U of M Part of Public-Private Partnership to Bolster Regenerative Medicine

University of Minnesota is joining the Advanced Regenerative Manufacturing Institute (ARMI), a consortium of nearly 100 organizations spanning industry, government, academia and the non-profit sector. The Institute is set to receive nearly $300 million in public-private investment to develop scalable manufacturing processes for engineered tissues and organs.

ARMI is the 12th Institute within the Manufacturing USA Program, which establishes regional specialized networks to help secure the future of manufacturing in the U.S. through innovation, collaboration and education. 

The University is expected to develop training curricula for 2- and 4-year colleges that will educate students about Tissue and Organ Biofabrication, 3D Bioprinting and Regenerative Medicine.

“This project is a great way to build our bioprinting and education expertise in a collaborative way with other leading organizations,” said Angela Panoskaltsis-Mortari, PhD, a professor within the University of Minnesota Medical School who led the ARMI submission process for the Midwest region. “Regenerative medicine and biofabrication is an opportunity area for our healthcare and manufacturing industries, and we’re excited to be part of an effort that could benefit patients and our economy.”

Approximately $80 million from the federal government will be combined with more than $200 million in cost share to support the development of tissue and organ manufacturing capabilities. As part of continuing efforts to help revitalize American manufacturing and incentivize companies to invest in new technology development in the United States, ARMI, based in New Hampshire, will lead the Advanced Tissue Biofabrication (ATB) Manufacturing USA Institute on behalf of the Department of Defense.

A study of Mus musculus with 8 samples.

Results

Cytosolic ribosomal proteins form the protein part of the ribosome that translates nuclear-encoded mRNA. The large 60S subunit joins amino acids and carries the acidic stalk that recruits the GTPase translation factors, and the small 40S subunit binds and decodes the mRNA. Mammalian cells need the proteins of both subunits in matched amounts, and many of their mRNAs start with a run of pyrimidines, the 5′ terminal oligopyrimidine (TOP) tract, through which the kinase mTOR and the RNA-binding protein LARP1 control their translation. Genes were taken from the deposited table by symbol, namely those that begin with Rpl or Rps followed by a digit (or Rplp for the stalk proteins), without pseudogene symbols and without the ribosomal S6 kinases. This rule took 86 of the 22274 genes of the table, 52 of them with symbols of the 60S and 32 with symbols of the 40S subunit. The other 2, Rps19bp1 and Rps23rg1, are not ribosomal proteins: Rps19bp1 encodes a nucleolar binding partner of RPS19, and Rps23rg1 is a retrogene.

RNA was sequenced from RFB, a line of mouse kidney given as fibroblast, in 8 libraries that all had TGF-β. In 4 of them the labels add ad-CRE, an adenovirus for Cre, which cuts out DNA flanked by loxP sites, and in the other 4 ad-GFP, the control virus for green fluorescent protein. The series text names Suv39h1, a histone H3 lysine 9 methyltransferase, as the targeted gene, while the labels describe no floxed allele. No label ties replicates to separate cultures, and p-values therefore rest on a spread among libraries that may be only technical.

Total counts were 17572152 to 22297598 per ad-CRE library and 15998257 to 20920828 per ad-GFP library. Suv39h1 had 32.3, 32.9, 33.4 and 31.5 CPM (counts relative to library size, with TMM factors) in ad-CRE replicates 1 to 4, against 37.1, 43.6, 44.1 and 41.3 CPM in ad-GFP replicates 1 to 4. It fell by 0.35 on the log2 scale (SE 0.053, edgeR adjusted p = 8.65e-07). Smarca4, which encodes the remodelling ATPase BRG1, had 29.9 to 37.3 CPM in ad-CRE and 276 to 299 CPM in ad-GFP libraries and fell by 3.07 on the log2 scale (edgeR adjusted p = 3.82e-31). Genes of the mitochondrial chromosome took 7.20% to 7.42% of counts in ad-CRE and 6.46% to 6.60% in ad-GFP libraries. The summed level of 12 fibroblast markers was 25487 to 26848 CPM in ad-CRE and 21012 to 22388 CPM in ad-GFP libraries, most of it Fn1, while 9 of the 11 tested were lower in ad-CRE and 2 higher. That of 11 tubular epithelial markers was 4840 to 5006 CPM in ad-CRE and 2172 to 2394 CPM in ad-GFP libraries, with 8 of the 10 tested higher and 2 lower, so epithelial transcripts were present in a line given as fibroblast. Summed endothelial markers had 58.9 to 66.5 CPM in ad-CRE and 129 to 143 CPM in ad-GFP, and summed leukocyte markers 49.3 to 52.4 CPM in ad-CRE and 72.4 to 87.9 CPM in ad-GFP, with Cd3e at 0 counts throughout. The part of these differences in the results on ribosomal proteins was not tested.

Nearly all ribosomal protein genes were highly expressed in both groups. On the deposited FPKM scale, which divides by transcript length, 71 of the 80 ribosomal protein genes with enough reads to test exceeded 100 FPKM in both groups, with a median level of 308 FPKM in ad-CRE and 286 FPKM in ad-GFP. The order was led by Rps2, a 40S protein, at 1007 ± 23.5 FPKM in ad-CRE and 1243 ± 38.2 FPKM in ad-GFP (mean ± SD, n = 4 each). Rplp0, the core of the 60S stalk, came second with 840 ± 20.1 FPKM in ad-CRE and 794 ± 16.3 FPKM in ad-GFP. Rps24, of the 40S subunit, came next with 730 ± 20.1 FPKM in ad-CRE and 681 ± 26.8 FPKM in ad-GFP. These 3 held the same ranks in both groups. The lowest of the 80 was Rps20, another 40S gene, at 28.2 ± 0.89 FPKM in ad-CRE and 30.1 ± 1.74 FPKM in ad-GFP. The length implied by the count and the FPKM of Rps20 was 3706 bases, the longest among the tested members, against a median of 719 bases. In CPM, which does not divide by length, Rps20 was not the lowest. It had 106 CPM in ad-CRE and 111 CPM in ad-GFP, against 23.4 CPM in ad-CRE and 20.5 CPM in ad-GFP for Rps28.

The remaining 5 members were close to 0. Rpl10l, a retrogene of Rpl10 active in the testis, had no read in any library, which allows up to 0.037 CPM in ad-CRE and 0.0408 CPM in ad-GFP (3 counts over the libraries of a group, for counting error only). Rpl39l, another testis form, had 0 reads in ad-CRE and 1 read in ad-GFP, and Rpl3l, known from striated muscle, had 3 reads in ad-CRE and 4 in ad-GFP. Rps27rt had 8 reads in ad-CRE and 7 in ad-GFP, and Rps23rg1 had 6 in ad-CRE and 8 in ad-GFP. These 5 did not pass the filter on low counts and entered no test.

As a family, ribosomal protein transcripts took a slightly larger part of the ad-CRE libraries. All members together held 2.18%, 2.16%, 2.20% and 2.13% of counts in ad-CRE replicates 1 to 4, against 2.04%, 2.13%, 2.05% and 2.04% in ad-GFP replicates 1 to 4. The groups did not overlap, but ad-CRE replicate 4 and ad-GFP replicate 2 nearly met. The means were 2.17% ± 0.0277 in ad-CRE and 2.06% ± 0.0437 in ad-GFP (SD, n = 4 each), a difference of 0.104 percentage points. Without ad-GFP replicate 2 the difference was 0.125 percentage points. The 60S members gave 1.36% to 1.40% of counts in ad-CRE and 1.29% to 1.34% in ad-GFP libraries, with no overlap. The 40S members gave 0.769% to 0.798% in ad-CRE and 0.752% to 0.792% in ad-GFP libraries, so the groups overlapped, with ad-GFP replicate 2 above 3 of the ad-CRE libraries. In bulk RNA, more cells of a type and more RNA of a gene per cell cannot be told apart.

The University’s budget for its work with education and training initiatives is $3.5 million, and Panoskaltsis-Mortari expects allocation and scope of work to be finalized by summer 2017. 

Share this post

Related News

  • Transplant Expert Becomes Transplant Minnesotan

    Andrew Adams, MD, PhD, has joined the Department of Surgery as a professor and as chief of the Division of Transplantation at both M Health Fairview University of Minnesota hospitals. He brings $11.7 million in funding from the National Institutes of Health focused on developing novel therapies to improve outcomes for transplant patients.

  • Study Analyzes if Telemedicine is Efficacious in Treating Opioid Use Disorder

    Federal and state agencies have temporarily allowed unprecedented flexibility for the use of telemedicine, including audio-only visits, for encounters where opioid use disorder (OUD) medications are prescribed. Cuong Pham, MD, an assistant professor in the Department of Medicine, is analyzing telemedicine’s efficacy for patients with OUD during COVID-19.

  • Researchers Study Cortisol Levels, Decision-Making in COVID-19 Healthcare Workers

    Alexander Herman, MD, PhD, in the Department of Psychiatry and Behavioral Sciences, and David Darrow, MD, MPH, in the Department of Neurosurgery, are studying hair samples from frontline healthcare workers during the COVID-19 pandemic to determine how their cortisol levels might correlate with their responses on a multi-armed bandit task.”